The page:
Things That Affect Your VA Home Loan Application
There are several areas that can make a difference in your VA home loan application. Sometimes it’s not a question of whether the application is approved or turned down, but rather whether your application qualifies you for the best possible interest rate.
One of the major reasons VA loan experts encourage borrowers to shop around for a lender? Finding one who offers you the best interest rates from the outset. Qualifying for those rates is a hurdle some may have trouble clearing based on past and current credit issues. The good news–a VA loan applicant who starts preparing early can give themselves a much better chance at the best rates.
The first thing to do is begin preparing your credit at least a year in advance. Make sure you have a record of timely payments, and when you start getting your credit ready, order a copy of your credit report from the three major reporting agencies. If there are errors or disputed items, you can begin clearing them up well in advance of the loan application.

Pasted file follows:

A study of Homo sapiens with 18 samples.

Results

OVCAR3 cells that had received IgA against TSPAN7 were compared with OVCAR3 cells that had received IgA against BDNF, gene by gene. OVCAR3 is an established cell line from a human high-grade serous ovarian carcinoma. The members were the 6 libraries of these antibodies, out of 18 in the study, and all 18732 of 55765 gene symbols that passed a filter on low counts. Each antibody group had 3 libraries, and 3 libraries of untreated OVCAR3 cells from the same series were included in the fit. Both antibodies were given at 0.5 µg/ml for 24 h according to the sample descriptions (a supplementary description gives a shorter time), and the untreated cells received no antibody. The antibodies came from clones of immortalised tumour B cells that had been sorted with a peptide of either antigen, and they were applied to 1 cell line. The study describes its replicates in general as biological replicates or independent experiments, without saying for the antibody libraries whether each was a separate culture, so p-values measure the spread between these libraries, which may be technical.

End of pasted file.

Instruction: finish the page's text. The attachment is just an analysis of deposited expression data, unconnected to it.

It’s important to take a hard look at any unneeded or unused lines of credit. For any type of loan, the lender may consider your potential debt as a risk factor. You may only have $300 in credit card debt, but if your card has a $2500 limit, that’s $2200 in potential debt.
VA loans don’t require the lender to review that potential debt as a qualifying factor, but an individual lender does have access to that information and a judgement call to make when it comes to your interest rates and overall eligibility.
It’s also very important to avoid applying for new credit at the same time as you apply for a VA home loan. Buying a house AND a car, for example, seriously changes your debt-to-income ratio. How would it look to you, if you were in the lender’s shoes, reviewing a loan application where there’s another major investment in the same year? If your income and cash reserves can justify such an expense, the lender may be able to overlook it, but for those who don’t have a cash reserve or high income, that other major purchase could be a liability in connection with your VA home loan.
Another aspect of making major purchases prior to a VA home loan application? How many times your credit has been checked recently. The lender has access to that data when reviewing your credit report.
If there have been recent credit reports pulled, it could count against you as it’s a sure sign you’ve been applying for credit recently. The fewer times your credit reports have been accessed in the months or year leading up to your VA loan application, the better.